How can we visualize the number 5 billion, especially when it comes to thinking about a wildlife species?
Worldwide, it’s hard to find a species, outside the insect world, with a population equivalent to 5 billion. But during the Civil War, there were that many passenger pigeons in the skies, making it the most abundant bird in North America. And yet, by 1914, the bird was gone forever.
Sept. 1 marked the 100-year anniversary of the passenger pigeon’s extinction. It was on that day 100 years ago that the last of the species — “Martha,” named after George Washington’s wife — took her last breath.
With Martha’s death a species that once dominated the skies over America disappeared forever. And although this sad tale seems long ago, the same factors that caused the passenger pigeons’ demise continue to imperil our native wildlife species today.
In the 1700s and 1800s, citizens regularly recount seeing massive migrating flocks of passenger pigeons — millions of wings beating in unison. In 1813, famous naturalist John James Audubon witnessed a flock of birds so large he said it blocked the sun and took a total of three days to pass by.
But unregulated hunting and development throughout the birds’ critical nesting grounds depleted the bounty of passenger pigeons faster than the birds could reproduce. And, by 1890, they were nearly gone, with only a few small flocks still alive in the wild.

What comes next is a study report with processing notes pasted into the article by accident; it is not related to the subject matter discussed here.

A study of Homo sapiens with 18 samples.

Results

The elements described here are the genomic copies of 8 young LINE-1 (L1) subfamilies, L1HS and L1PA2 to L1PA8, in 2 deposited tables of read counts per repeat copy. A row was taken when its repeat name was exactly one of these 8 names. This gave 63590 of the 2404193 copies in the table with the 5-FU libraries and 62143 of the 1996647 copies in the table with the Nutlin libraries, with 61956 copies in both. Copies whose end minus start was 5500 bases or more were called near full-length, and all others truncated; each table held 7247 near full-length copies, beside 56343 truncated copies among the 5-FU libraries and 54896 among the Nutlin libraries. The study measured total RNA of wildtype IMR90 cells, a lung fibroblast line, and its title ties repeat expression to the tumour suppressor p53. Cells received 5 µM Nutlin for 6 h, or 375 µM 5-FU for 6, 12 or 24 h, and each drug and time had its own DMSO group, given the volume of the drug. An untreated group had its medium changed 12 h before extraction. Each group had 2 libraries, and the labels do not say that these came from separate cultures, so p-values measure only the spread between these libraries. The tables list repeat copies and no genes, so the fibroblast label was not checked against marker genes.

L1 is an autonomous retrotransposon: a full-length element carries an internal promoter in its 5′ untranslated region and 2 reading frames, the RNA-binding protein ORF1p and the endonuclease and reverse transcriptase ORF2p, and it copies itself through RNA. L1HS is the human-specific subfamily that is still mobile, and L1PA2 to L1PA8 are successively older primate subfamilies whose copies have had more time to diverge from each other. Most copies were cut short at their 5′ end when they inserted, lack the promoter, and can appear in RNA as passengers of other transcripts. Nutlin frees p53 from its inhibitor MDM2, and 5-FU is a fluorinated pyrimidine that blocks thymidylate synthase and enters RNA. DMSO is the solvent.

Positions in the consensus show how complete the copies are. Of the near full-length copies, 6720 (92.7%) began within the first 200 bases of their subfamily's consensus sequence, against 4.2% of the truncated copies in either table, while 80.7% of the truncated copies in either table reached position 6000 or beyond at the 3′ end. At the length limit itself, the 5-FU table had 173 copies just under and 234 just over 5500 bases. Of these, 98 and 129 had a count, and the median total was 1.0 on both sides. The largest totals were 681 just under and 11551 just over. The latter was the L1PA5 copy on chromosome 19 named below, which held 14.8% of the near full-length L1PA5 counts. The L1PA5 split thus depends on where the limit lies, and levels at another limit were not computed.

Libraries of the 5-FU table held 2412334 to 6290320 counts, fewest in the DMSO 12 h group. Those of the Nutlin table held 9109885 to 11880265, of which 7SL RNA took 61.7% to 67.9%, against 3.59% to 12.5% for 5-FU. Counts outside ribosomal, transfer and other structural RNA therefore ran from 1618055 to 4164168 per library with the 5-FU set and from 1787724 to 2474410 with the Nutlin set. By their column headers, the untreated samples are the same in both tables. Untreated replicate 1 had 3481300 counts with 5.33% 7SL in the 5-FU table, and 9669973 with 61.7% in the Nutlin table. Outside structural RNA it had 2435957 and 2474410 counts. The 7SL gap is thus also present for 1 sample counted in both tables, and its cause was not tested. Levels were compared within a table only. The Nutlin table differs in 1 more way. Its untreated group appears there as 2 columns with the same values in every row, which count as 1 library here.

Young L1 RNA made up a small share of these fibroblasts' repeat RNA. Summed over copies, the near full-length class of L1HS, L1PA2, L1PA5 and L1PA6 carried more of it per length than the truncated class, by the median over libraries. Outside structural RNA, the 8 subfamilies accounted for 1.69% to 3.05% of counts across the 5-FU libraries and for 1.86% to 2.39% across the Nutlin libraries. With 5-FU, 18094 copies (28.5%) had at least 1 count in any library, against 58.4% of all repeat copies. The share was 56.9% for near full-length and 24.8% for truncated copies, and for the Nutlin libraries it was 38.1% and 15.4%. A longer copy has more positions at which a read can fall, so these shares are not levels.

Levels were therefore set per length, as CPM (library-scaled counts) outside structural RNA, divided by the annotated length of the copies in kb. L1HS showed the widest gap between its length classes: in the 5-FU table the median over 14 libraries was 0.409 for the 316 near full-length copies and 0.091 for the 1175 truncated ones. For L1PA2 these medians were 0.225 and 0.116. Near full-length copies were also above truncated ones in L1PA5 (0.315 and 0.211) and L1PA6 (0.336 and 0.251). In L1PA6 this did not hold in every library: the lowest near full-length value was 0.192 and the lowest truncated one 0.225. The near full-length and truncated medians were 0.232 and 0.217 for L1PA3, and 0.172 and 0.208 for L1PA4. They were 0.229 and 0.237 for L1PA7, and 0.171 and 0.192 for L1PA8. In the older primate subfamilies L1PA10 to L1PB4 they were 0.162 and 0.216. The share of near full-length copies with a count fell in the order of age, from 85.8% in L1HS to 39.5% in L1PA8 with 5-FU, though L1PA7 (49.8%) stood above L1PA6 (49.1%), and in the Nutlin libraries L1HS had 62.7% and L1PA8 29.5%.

By 1910, Martha was the only one left, living in a cage in the Cincinnati Zoo, the last surviving relic of a vanished species.
Unfortunately, as the birds declined in the late 1890s, Americans were only just beginning to understand the impact that our westward expansion would have on the natural world. We were not monitoring the passenger pigeons’ numbers and there were no mechanisms for protecting the bird and balancing consumption with conservation.
Although the birds’ extinction has left a haunting mark on American history, there is a silver lining to this tragic tale.
The disappearance of passenger pigeons spurred an awakening and awareness about the value of preserving wildlife in our country. Indeed, I would argue that it was the passenger pigeons’ extinction, and later the rapid decline of species such as the peregrine falcon and the bald eagle, that led directly to Americans’ current commitment to wildlife conservation.
By the 1970s, this country had concluded that we should never again be responsible for the extinction of a native wildlife species. That is why Congress passed the Endangered Species Act, our nation’s most important safety net for imperiled animals and plants on the brink of extinction. Though the ESA came too late to protect the passenger pigeon and Martha, it has effectively shielded thousands of species from their same fate. Thankfully today, gray wolves, Humpback whales, Southern sea otters, Florida manatees, peregrine falcons, and Florida panthers still walk this planet precisely because we vowed to protect them through the ESA.
Though long gone, Martha’s story continues to teach us an important and urgent message. It serves as an ongoing reminder that we must work together as a nation to protect our imperiled wildlife and the important law that assures those protections.
Jamie Rappaport Clark, a former director of the U.S. Fish and Wildlife Service, is president and CEO of Defenders of Wildlife. Clark wrote this for the Philadelphia Inquirer.